Hungary seems to attract an increasing Dutch immigration. Let's find out why, from a Dutchman who has been living in Hungary for a while. He's done his own research, found his own answers and agreed to share it with Diplomacy and Trade.
After buying a house in Karácodfa, Baranya county, I heard that the locals thought this was probably because of the universal increase of the sea level in the Netherlands. At first, I thought they meant it as a joke, but observed this reaction many times. It is true that about 30% of the Netherlands is below sea level, but almost all Dutch are able to swim! Probably some TV-documentaries caused this general belief in Hungary that climate changes scare the Dutch so much, that they are thinking of immigration, just to be sure.
I have never met any migrant saying that their desire to leave The Netherlands was due to the raise of the water level. Rather the windy and rainy climate, with relatively few hours of sunshine make some Dutch leave their country, as well as the lack of space due to high population densities, and the dream of having a house with a nice garden and some ‘living space’ around. Additionally, factors such as high prices of housing, increasing costs of living, complaints about overregulation by the government and an increasing number of tensions somehow, related to multi-ethnic and urban societies, play a role for people immigrating to other (European) countries.
Puszta and other attractions
For Hungary, among the most important factors attracting the Dutch include the relatively low costs of living compared to the Netherlands, the open and friendly population, available space for living, abundant nature, the attractive climate - especially spring, summerand early autumn with a lot of sunshine. The very low prices of real estate – among the lowest inthe EU: a villa with swimming pool on the countryside costs less than a tiny apartment in an outskirt of Amsterdam also rate shigh on this list. Individual perspectives will differ, but for senior citizens it very important that even with a small pension from home they can live comfortably in Hungary; they could have their own gardener if they wish and go to local restaurant daily.
What also counts, especially for regions like the Mecsek, Zselic, Bükk and Mátra, is that Dutch people - just as Belgians - are fond of forests and hilly and mountainous landscapes. They do not need to see the sea or a big lake as there is a lot of water at ‘home’. Green areas with vineyards, dense woods, wildlife, some ponds or a river and thermal spas also attract Dutch speaking communities, just as other West-European immigrants. Most Dutch, who are not bound to Budapest or another city for their work, can be found in the Southwest and North of Hungary. Apart from that, they are also in the East of the country, on the Great Hungarian Plain around Kecskemét, Cegléd and Lake Tisza.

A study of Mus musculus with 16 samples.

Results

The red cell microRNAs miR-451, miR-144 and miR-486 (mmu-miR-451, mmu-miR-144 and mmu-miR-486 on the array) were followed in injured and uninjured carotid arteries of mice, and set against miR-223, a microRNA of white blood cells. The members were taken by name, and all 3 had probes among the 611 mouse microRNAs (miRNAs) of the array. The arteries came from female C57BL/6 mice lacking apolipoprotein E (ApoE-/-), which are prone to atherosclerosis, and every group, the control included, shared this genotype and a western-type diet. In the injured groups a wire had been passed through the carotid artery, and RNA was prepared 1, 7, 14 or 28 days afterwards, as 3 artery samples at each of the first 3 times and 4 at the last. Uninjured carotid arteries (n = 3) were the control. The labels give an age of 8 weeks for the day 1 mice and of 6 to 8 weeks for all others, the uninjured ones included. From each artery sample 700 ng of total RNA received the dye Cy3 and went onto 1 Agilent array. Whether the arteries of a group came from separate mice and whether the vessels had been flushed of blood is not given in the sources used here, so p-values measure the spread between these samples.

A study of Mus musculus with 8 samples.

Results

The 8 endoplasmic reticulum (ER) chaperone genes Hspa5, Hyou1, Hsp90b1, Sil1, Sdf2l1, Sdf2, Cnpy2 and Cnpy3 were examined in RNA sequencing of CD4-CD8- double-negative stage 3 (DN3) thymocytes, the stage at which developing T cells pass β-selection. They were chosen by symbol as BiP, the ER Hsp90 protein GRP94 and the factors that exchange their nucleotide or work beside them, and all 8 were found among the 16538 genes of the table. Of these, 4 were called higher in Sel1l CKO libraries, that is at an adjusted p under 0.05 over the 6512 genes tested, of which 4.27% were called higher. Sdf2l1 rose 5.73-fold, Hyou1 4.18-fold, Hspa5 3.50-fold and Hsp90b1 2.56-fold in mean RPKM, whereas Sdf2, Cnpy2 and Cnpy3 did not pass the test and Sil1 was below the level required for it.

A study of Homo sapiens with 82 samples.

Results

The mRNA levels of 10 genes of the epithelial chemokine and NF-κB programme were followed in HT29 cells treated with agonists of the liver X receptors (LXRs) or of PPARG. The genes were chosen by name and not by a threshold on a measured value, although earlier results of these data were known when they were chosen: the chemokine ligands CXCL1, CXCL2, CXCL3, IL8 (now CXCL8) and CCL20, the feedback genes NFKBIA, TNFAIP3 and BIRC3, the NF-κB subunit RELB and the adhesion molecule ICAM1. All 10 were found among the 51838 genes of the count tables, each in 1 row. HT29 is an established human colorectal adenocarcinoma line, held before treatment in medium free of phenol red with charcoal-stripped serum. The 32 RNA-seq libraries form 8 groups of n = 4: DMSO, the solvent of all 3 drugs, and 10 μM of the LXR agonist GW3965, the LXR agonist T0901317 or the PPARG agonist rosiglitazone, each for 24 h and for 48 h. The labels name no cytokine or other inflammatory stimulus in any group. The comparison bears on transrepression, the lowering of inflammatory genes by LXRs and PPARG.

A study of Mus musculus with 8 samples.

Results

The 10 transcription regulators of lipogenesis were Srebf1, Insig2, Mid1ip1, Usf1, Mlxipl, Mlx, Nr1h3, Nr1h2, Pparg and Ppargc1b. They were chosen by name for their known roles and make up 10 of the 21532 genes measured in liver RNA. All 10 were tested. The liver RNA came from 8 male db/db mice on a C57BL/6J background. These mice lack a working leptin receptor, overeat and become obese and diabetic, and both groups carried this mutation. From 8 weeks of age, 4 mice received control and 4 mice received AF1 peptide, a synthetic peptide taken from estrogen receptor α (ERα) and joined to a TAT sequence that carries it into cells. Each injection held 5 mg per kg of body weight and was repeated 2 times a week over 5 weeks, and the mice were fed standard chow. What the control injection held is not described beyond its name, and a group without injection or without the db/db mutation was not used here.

It’s rare for other foreigners to be found in the ‘tanya világ’ or the ‘puszta’ . But Dutch love the flat landscape with small woods as it looks like their ‘home’ about half a century ago. These places are almost abandoned by the local population and are now rediscovered by foreigners. South-Transdanubia turns out to be by far the most popular region among the Dutch people. The sub-Mediterranean climate and the hilly landscape attract both permanent residents and people buying a holiday house. The ‘hollandok’ and the locals seem to get along well, since the foreigners renovate the old houses or build new ones. This stimulates the development of the tiny villages and attracts other people, including Hungarian commuters from neighbouring towns. In some hamlets, the foreigners make up to half of the present population, but in general, Dutch presence is still relatively small (up to 5 per cent), even at the most popular destinations, such as e.g. Szentkatalin, Orfû, Boldogasszonyfa, Somogyharságy and Vásárosbéc (in Baranya), Tevel and Simontornya (Tolna), Balatonfokajár (Veszprém), Csemõ and Nagykõrös (Pest) and Kiskunhalas (Bács-Kiskun).
The historical factor
This guarantees that the atmosphere and identity of these settlements remain authentic Hungarian. In general, people from the Netherlands think rather positively about Hungary. The fact that after both World Wars and the 1956 revolution many Hungarians came as refugees to the Netherlands and integrated very well contributed to that image. Hungary has developed a lot during the last two decades. Because of the improved quality of life, low prices, the absence of traffic jams, Hungary becomes more and more attractive for permanent residence by retired Dutchmen. Expats are moving into the country because of the developing economy and Hungary’s location in the center of the CEE region. The total number of Dutch citizens residing in Hungary is not known. Reliable estimations do not exist as the statistics normally do not distinguish between ‘West-European foreigners’ and most of them are residing only temporary. People spending up to six months in Hungary, do not count as they are not registered residents. According to some rough estimations by the Dutch Embassy in Budapest, the total number of Dutch people spending a considerable part of the year in Hungary would be around 5,000. However, it is admitted that the number can be very well higher or lower. They are the third largest group of foreign owners of real estate in Hungary, following the Germans and Austrians.